The Farfield is an occasional series where I write about something other than gaming.


Against my better judgement, I sat my eyeballs in front of The 100 when it started on E4 last year. And I found it offensive. Drawn from a YA novel of the same name by Kass Morgan, it throws teenagers into a post-apocalypse Lord of the Flies type scenario. These teenagers who had been locked up for god knows how long were let loose on a world where quite possibly they could have perished in seconds – yet they acted so flippantly. Yo party on, everyone. The show felt flippant.

A year later, there is no more flippancy. What we have is brutality and grimness.

In retrospect, I think the production team got the tone all wrong at the start which somewhat stunted its progress. Someone actually used the line “but she’s my best friend” as a plea to stop, well, her best friend being executed. The clunky lines kept going. Some of the conspiracy stuff was also a little paint-by-numbers.

But just a few episodes in, one of the principal characters got murdered in a shocker ending. Without any warning, would you believe? Now it’s stuff like that which gets my attention but I still thought this might be mere gimmick and not an ingrained part of the show’s tapestry.

The 100 gradually revealed itself as one of the various pretenders to Battlestar Galactica‘s brutal throne, where the writers fix up the storylines so as to catapult our hapless protagonists through ethical quandaries. Many of these shows just look like they’re playing BSG dress-up, but The 100 has unexpectedly shown some flair in producing a joined-up plot where actions lead to horrible consequences which to more actions and more horrible consequences.

It’s not perfect. Sometimes the motivations switch too quickly. The rules of this fictional world occasionally seem arbitrarily cruel (i.e. as a plot device) including a hefty chunk of dodgy science which underpinned the main second season storyline. And characters frequently do the stupid or angry thing – which is admirably human, but rarely do the characters seem to rise above themselves.

But The 100 doesn’t like the reset button and the chain of consequences is spellbinding. While it seems like the show has a fetish for “torture as necessity” like 24 and BSG before it, neither torture session indulged by the good guys lead to a positive result. In fact the show pushed it much further in the second case: it led to an entirely pointless massacre and, eventually, the death of another major character.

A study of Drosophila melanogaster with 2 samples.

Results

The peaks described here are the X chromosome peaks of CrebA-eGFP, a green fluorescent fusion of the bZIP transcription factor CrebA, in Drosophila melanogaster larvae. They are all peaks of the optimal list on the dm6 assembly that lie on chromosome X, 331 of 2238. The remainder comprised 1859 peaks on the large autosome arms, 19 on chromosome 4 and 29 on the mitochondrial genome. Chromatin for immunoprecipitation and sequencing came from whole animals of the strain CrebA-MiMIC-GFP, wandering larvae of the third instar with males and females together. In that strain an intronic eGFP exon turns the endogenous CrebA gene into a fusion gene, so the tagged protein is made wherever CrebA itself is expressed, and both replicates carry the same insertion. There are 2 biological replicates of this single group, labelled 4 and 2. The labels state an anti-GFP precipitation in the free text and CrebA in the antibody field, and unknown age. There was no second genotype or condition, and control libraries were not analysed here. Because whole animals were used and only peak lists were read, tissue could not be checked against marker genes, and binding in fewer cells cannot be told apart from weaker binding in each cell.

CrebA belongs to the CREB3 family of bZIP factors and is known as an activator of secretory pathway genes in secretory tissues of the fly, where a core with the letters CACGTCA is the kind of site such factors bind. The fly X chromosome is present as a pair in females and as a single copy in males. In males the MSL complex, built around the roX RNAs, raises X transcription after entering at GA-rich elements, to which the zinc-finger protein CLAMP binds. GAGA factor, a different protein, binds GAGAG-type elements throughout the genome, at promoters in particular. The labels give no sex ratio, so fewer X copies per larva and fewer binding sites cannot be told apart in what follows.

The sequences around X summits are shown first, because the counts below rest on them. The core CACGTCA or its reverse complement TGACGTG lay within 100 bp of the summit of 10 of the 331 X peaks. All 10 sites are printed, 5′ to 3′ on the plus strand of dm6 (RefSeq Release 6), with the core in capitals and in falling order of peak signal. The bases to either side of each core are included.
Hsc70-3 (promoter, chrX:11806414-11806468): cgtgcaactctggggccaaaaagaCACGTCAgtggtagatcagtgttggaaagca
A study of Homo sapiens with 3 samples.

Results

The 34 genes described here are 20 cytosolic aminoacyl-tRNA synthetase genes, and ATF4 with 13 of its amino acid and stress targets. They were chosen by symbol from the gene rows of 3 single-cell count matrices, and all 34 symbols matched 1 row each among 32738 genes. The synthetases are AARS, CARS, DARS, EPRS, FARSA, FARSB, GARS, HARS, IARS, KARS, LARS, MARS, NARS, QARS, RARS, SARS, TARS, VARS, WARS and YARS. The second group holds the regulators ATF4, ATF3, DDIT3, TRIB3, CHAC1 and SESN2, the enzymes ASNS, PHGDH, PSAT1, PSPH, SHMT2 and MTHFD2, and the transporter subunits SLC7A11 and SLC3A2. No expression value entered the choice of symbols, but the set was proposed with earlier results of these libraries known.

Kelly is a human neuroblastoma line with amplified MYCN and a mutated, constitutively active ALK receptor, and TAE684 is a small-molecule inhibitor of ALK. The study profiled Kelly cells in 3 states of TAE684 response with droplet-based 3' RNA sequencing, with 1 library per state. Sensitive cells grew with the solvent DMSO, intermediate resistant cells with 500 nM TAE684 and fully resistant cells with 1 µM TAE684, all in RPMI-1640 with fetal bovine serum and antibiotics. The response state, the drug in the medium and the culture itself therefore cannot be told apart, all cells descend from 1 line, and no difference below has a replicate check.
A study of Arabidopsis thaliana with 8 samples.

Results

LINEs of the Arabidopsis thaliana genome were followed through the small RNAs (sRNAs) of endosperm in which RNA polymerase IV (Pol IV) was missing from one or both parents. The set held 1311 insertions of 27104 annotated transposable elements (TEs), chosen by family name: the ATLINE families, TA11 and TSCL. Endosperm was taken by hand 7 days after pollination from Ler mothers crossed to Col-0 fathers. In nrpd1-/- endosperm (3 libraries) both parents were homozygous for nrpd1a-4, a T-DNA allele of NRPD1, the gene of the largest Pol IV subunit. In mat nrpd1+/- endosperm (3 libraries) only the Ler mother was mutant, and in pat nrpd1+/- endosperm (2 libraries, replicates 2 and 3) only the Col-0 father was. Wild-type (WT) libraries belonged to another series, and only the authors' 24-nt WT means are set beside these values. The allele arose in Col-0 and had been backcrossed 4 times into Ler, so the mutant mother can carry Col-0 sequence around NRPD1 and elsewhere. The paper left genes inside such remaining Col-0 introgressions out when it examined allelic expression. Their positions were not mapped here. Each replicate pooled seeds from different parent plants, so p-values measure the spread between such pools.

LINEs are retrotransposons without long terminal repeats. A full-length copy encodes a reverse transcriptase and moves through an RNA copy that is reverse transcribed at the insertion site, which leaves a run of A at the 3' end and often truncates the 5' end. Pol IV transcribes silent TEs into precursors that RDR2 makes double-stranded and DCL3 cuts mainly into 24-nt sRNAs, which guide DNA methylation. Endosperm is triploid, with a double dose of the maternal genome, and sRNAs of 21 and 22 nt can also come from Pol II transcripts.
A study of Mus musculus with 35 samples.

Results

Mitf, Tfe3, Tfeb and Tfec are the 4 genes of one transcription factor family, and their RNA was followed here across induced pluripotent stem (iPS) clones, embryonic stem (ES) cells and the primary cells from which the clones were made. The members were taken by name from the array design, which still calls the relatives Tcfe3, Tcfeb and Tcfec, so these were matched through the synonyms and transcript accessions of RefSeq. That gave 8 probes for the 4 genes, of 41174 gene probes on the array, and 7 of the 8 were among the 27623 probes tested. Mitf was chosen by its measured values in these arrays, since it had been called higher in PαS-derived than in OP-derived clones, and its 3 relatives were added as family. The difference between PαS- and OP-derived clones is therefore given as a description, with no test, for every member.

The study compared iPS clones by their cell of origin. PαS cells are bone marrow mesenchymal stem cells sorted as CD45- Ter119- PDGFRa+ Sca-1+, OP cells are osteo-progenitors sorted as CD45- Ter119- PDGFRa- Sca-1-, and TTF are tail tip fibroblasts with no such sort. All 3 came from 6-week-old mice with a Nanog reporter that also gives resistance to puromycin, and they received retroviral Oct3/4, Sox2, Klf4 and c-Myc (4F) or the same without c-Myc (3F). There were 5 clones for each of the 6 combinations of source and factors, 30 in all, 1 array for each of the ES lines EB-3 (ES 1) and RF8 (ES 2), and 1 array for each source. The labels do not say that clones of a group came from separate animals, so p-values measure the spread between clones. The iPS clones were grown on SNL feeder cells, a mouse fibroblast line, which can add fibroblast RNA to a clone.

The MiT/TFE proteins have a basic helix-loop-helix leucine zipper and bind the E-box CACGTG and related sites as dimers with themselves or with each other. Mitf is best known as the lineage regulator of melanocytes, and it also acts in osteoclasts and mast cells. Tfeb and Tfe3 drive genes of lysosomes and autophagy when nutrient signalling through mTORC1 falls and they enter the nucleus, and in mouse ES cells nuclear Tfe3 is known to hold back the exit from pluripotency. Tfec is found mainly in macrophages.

The central conceit of the show is that people faced with extinction will do whatever it takes to survive. This plays out again and again and again. Sometimes there are a few too many agains but it keeps driving characters who have affectations to be whiter than white into getting their hands not just dirty, but bloody. I guess it’s just too dirty, sometimes, and I feel the writers are trolling me. It’s a hazardous line to follow because it’s this kind of relentlessness that caused me to sign off The Walking Dead when the first TV season finished.

But ill consequences follow each time a decision is made to downplay the rights of the individual for the rights of the collective. Each of the three factions in the second season – the Sky People, the Grounders, the Mountain Men – commit such heinous shit for survival that they wind up almost destroying themselves. The moral of this future fable seems to be that survival at all costs is a dangerous paradox.

I’ve just finished watching the end of the second season and I have to applaud the writers for taking things in a completely different direction from what I expected, which made for a more despairing and grim end than the despairing and grim end I had imagined.

Of course, I still haven’t watched any Game of Thrones yet.


  1. I couldn’t tell you if you’re going to love or hate it and watching the early episodes is a bit of a thankless task.

    I actually put off watching the two-part finale because I had a feeling it was going to be pretty grim. And it was.